I was always uncomfortable with patriotism (Germanic: Obeying the “father”). I thought it was just that little spark of rebelliousness I always had. But I have come to see it as a legitimately objectionable idea. And that’s just it. It’s an idea, a story, a fiction. The whole notion of national borders and cohesiveness is a comfortable and politically necessary, but nonetheless illusory, myth.
Not only is the diverse and multifaceted population in a continuous rise and fall, but the ideologies that these varied people hold are in constant flux. Due to uncountable reasons, the inhabitants that occupy the geographical space called a country, are inconstant, in all their disordered habits and in all their contradictory beliefs, and are thus, anything but cohesive…in anything. Is there a status, or position, at all? And if there was, what would it be?
I found comeradeship when I discovered political scientist Benedict Anderson’s Imagined Communities. Communities are imagined, since none of the members of even the smallest nation will ever know, or even meet their fellow-members. The members have only a mental idea of their membership in this group. The curious, and perhaps most disturbing part of this fantasy, is that these imaginings make it possible for millions of people to die on behalf of this community.
Breaking down the fallacy of the entity called a nation, is a bit like breaking down the entity habitually called a person. It is convenient to think in terms of a unified self, but upon investigation, there are but scores of systems and processes. Nervous systems, circulatory systems, digestive systems, all in flux, creating our bodies, minds, flickering consciousness, ever-changing moods, and endless desires—all in flux, which is to say, in a process of dying, but we are uncomfortable with that word, and with the very idea.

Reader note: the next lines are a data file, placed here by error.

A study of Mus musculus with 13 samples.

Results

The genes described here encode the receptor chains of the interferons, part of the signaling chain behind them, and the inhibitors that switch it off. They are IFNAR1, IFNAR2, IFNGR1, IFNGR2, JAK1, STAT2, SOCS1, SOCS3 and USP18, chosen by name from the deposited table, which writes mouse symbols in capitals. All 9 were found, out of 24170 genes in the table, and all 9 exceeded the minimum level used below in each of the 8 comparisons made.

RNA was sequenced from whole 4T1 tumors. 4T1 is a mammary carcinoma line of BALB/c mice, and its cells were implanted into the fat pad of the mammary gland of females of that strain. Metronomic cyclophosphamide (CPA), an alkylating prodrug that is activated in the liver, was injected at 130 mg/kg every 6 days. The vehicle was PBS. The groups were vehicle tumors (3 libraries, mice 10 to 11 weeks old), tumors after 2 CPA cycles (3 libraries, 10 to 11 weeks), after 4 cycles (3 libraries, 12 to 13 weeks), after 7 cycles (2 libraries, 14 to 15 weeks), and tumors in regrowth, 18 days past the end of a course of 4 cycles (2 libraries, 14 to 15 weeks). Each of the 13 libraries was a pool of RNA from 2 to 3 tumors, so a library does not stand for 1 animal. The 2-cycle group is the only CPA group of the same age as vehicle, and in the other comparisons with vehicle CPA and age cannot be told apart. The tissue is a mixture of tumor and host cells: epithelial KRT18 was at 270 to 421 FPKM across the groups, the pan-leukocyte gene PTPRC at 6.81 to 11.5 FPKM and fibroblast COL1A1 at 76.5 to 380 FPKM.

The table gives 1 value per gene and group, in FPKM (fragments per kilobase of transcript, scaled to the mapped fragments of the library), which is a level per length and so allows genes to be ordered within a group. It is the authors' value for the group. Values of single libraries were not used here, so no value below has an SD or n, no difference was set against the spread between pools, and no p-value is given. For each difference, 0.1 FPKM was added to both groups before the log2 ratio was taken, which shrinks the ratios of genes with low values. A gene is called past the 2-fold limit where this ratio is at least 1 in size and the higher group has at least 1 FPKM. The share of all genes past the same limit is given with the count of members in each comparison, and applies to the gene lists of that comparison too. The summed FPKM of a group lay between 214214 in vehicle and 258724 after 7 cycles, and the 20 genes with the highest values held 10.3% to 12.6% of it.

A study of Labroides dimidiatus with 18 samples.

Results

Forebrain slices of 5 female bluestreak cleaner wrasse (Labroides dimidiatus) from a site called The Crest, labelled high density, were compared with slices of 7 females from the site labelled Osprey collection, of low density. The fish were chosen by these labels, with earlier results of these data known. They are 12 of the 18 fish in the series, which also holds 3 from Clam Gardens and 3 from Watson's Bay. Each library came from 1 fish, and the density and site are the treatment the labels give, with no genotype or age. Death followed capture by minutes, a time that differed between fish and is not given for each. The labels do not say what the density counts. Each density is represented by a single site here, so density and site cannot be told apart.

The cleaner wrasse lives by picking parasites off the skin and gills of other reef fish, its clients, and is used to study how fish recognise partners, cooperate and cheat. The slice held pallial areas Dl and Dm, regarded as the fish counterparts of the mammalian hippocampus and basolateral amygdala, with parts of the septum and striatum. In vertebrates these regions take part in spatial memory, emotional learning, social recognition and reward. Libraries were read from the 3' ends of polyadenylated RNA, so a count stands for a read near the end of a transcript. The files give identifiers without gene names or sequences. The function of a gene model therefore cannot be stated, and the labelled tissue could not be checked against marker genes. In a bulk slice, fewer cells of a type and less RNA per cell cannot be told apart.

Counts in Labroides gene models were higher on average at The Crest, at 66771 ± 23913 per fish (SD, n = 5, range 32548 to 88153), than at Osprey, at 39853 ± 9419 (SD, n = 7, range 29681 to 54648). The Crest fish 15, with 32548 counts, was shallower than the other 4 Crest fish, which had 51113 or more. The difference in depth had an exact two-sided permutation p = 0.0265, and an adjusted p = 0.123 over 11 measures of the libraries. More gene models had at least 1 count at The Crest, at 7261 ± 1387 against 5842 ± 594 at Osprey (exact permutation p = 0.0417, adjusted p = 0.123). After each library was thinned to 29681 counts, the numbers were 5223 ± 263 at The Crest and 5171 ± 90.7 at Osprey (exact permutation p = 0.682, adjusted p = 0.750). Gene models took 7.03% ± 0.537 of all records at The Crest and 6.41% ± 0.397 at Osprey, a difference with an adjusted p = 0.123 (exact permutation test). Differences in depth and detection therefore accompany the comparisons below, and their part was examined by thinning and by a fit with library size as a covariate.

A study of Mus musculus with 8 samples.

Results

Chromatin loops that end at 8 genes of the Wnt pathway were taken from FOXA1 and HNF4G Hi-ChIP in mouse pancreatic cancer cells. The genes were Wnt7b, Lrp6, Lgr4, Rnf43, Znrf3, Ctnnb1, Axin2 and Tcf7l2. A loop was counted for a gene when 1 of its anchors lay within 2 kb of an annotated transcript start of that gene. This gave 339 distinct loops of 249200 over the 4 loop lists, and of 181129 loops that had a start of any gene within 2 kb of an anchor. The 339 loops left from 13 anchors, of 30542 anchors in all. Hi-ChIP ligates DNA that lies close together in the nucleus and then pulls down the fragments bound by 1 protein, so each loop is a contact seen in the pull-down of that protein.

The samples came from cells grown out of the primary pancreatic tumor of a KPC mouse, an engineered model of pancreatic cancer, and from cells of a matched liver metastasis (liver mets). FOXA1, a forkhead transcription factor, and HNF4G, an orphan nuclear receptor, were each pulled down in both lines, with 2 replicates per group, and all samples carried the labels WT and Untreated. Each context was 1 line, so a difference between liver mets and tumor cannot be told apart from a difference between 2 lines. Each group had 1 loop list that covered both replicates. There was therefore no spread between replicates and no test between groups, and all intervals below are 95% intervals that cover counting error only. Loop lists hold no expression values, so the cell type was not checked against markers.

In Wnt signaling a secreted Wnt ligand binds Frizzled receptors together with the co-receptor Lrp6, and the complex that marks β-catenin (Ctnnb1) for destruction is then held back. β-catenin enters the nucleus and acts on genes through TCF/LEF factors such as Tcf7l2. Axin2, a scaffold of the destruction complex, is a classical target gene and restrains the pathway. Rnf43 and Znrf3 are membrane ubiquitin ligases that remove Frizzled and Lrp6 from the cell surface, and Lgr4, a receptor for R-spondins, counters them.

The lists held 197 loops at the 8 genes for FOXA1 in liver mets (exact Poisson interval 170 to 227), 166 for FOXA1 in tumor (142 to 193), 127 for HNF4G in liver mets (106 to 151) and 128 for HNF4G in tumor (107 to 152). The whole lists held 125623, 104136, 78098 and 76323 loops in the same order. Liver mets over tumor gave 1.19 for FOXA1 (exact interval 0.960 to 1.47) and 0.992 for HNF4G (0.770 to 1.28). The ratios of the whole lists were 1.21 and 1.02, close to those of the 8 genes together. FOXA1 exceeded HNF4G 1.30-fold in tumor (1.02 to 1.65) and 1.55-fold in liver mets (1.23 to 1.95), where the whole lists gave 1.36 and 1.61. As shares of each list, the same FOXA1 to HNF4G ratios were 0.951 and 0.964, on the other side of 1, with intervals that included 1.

So, just as the fiction of the nation provides us with a sense of fraternity and belonging, the familiar concept of selfhood and personality supplies us with the needed sense of security and identity.
Can we give up fiction at the cost security? Even a false sense of it?
Patriotism is a feeling I don’t have.
I know, in the US it is “normal” to be patriotic, because people are raised that way there. They are taught to be patriotic and I guess society expects it from them. (Of course, there are also other patriotic countries, not just the US.)
However, for an outsider not living in a patriotic country this is an elusive thing, it can actually cause a sense of unease under some circumstances.
When the German soccer team wins a match, I feel lucky for them, but I am not proud to be a German in that moment – it was not me who played on the field.
I have a feeling of fraternity with other people, but it does not matter to me which country they are from.
For me borders are just in the head, and perhaps it would be good if more people saw themselves primarily as part of humanity and not as part of a certain nation.